Deborah L. Rhode has joined the campaign against the role of status in defining what matters in higher education. Her new book, In Pursuit of Knowledge: Scholars, Status, and Academic Culture (Stanford University Press) questions why excellence is defined as it is today, and explores the impact that prestige has on the choices made by academics and scholars. Rhode, a professor of law and director of the Center on Ethics at Stanford University, responded to questions about the themes of her book.
Q: What drew you to to explore the impact of status-seeking on academe?
A: I did not set out to write a book on status. I began with a desire to explore the problems facing academics. The more I read, the more it seemed that an arms race in reputation was distorting the priorities of both individuals and institutions.
Q: You were educated at one high status institution (Yale) and you work at another (Stanford). How does one step back to ask whether those institutions and others like them have the right qualities aside from their status and prestige?
A: One of the more disturbing developments in contemporary higher education has been the growing importance of reputational rankings. The most influential surveys, like U.S. News and World Report, depend partly on subjective perceptions of top administrators, which depend more on prior rankings than first hand knowledge. Past recognition creates a halo effect that perpetuates prestige even if the evaluator has little current information. This explains why MIT’s law school and Princeton’s professional schools always rate so highly even though they don’t exist. Rankings also affect the applicant pool and alumni giving, which are part of what rankings measure, and which adds to their self-reinforcing impact.
Q: How does the quest for status shape academic careers these days?
A: Pressure for recognition has led to an undervaluation of teaching and an overproduction of scholarship that is inconsequential and unintelligible except to a few specialists. In many fields, the pursuit of status has put a premium on esoteric theory and sophisticated models, and diverted attention from potentially more useful empirical and policy-oriented publications. Faculty subject to these pressures may have too little time for advising, mentoring, administration, and public service, as well as writing for general audiences. Self-promotion also leads to unattractive behavior in many academic settings, such as panels, conferences and meetings. Academic novels delight in parodying professors intent on proving to each other just how smart they really are. Life too often imitates art.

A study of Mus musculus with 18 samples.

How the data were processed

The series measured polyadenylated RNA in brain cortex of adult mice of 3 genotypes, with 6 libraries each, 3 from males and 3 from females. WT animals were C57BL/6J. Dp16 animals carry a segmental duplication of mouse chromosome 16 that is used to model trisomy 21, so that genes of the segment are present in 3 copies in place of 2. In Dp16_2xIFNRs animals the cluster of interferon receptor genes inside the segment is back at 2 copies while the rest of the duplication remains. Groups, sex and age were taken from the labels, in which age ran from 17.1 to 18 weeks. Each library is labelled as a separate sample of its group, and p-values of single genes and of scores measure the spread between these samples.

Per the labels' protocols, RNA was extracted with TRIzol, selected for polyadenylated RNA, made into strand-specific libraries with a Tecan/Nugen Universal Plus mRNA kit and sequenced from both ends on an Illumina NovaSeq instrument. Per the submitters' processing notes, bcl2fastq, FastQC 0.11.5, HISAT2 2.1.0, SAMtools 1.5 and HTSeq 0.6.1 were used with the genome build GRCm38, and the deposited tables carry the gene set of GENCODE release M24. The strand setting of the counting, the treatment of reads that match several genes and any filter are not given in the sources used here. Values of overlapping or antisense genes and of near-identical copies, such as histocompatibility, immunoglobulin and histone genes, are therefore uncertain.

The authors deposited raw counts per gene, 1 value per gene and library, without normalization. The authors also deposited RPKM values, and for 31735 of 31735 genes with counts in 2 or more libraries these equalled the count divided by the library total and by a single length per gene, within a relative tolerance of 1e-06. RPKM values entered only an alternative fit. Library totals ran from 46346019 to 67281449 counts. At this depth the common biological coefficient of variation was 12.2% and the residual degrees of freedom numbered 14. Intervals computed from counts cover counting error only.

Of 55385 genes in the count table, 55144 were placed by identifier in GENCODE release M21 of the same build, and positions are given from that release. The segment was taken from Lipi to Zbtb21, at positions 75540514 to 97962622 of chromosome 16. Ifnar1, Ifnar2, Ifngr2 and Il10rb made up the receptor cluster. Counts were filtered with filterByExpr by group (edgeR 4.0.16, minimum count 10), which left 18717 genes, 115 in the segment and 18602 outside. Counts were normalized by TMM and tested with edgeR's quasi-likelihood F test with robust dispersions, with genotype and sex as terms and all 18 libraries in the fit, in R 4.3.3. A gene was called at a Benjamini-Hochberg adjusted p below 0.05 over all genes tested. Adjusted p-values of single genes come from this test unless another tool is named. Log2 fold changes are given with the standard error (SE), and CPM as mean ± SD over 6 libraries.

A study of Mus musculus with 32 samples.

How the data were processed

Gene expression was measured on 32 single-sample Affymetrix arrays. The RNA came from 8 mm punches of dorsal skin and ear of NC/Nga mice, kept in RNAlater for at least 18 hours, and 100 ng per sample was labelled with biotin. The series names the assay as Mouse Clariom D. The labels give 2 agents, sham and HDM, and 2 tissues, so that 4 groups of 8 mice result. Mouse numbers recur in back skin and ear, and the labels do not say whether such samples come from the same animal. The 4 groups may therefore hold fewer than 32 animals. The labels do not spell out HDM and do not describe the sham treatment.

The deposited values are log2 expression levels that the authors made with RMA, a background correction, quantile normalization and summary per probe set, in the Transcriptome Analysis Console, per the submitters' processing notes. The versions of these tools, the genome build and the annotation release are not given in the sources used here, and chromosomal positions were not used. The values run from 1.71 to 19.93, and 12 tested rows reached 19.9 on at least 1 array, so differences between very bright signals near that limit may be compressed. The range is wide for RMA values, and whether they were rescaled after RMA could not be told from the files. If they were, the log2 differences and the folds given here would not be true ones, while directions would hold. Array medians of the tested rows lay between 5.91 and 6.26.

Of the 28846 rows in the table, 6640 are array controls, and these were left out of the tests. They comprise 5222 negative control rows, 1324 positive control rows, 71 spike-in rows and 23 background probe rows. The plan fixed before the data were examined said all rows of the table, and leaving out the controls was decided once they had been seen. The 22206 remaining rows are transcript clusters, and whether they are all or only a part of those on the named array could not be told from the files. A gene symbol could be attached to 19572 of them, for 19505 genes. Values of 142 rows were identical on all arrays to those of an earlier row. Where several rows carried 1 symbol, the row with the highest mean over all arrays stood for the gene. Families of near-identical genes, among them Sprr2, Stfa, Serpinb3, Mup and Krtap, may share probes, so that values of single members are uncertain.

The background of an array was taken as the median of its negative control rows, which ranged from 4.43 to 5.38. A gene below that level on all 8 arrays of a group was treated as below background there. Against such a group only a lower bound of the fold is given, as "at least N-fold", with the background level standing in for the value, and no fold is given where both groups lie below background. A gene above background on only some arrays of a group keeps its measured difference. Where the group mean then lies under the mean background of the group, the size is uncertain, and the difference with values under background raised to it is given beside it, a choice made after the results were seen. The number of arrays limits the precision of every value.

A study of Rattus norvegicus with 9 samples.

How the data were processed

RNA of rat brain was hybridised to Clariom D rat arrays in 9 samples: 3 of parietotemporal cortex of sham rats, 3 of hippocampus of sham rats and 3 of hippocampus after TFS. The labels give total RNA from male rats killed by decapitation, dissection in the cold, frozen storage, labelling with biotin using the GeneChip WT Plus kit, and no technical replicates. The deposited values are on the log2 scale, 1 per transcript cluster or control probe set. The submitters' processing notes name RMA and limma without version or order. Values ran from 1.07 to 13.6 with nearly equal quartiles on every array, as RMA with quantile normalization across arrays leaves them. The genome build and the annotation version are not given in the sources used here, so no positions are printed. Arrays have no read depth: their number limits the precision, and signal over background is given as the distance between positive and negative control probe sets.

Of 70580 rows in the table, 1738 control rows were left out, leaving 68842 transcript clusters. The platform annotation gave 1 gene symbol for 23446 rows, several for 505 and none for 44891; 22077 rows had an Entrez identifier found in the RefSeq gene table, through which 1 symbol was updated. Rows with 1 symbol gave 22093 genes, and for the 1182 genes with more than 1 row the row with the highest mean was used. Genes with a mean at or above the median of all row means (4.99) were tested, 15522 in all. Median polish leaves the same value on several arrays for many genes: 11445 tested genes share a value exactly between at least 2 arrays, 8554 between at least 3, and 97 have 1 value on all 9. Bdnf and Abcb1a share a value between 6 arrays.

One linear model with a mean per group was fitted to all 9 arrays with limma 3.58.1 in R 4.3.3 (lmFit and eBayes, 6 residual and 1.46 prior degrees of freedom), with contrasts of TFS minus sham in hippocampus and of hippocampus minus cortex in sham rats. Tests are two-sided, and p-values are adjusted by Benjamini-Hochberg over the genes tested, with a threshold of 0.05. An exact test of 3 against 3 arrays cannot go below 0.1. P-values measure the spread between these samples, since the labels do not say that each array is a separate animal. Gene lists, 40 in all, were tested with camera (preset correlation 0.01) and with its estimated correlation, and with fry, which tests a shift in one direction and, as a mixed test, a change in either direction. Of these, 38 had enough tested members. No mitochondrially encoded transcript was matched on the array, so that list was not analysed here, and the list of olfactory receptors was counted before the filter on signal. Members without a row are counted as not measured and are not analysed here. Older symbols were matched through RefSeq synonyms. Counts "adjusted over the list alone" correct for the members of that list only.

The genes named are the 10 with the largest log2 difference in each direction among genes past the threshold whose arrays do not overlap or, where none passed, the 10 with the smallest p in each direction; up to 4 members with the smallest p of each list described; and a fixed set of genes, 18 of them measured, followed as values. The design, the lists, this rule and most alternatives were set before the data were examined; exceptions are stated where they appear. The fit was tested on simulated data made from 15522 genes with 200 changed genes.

Q: You note the difference between accountability and status, and yet many academics fear accountability measures being proposed by some will have as little value as status. What sort of accountability would be positive?
A: Accountability needs to be based on a broad set of criteria, both quantitative and qualitative, that are widely accepted as relevant gauges of performance. Too often, state-imposed requirements focus on a narrow range of measures such as graduation rates or test scores, which depend more on the quality of entering students than the quality of the learning environment. More useful systems include other factors including scholarly productivity, teaching effectiveness, student engagement, diversity, and contributions to the university and community.
Q: If a college president wanted to move away from status obsession and toward quality, what would be the first things to consider doing for his or her institution?
A: In partnership with the faculty and governing body, the president should develop evaluation systems, reward structures, and strategic planning processes that have widespread support and are responsive to the institution’s distinctive mission.